A high-tech, hybrid operating room is the cornerstone of the next phase of the $800 million expansion at the University of Kentucky Chandler Hospital.
To test the design of the room — which will combine advanced and high-quality imaging technology with the latest surgical tools — a life-size model was built out of Styrofoam. Every doctor, nurse and technician who will work in the room had to take it for a test drive.
Although much thought went into the design, the tests made it possible to fine-tune it, said Dr. Jay Zwischenberger, UK HealthCare's surgeon-in-chief. "Surgeons bumped into cabinets and crashed into tables," he said. The information gathered in the tests allowed for changes so work in the operating room can be more efficient.
"We will have the finest operating facilities in the country by next fall," Dr. Bernard Boulanger, UK HealthCare surgical medical director, said Wednesday at a news conference announcing the first phase of the expansion was completed within budget and on schedule.
The initial part of the next phase will include eight operating rooms and a specialized hybrid operating room. The rooms will cost about $35 million, said Dr. Michael Karpf, UK executive vice president for health affairs. Completion is expected in November.
UK will not be gaining any operating rooms once the project is completed, because some older rooms will be closed, Karpf said.
The second phase ultimately will include 600,000 square feet and is estimated to cost $250 million to $300 million.
The advantages of a hybrid operating room are numerous. The other new operating rooms will have about 600 square feet, but the 1,000-square-foot hybrid will include a robotic arm that looks much like the ones used at Toyota to make cars, Boulanger said. The arm will allow doctors to take myriad images of a patient without having to move them.
The hybrid room costs about $3.2 million compared with a standard operating room's $1 million, according to UK HealthCare. It initially will focus on cardiothoracic and vascular surgeries, said Zwischenberger.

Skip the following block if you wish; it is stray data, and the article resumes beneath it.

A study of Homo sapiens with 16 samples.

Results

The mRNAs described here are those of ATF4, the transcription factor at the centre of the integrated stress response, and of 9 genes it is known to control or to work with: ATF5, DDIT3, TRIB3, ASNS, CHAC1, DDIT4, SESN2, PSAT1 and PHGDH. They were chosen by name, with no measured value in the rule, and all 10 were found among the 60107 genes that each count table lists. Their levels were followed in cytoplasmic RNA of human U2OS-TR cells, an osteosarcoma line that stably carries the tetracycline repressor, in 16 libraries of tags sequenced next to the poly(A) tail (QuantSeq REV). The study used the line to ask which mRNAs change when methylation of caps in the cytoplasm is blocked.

Not only will common heart surgeries, such as insertion of stints, be performed more effectively in the hybrid room, the state-of-the-art technology better allows doctors to deal with complications that can arise out of complex heart surgeries.
But Boulanger said he expects the hybrid to be used "every day, most of the day."
As construction moves forward in the second phase, additional parts of the first phase are preparing to open. Public areas on the ground floor and first floor, and two patient-care floors will open May 22. The emergency department and a new parking garage opened last year. The project cost roughly $532 million, Karpf said.
In the new hospital, trauma patients will be moved more efficiently from the heliport to the emergency department and operating rooms through a central transportation system.
Overall, once all phases of construction are completed in six to 10 years, the 1.2-million-square-foot complex will be able to support patient care for 100 years.
Between the medical center and the College of Medicine, there have been 3,000 full-time jobs added since 2004, Karpf said. That number includes 30 surgeons and about 1,000 nurses. Recruiting one top-notch researcher can lead to the addition of dozens of jobs. For example Dr. B. Mark Evers, who became director of the Markey Cancer Center in 2000, brought with him eight investigators and more than 30 medical technicians, Karpf said.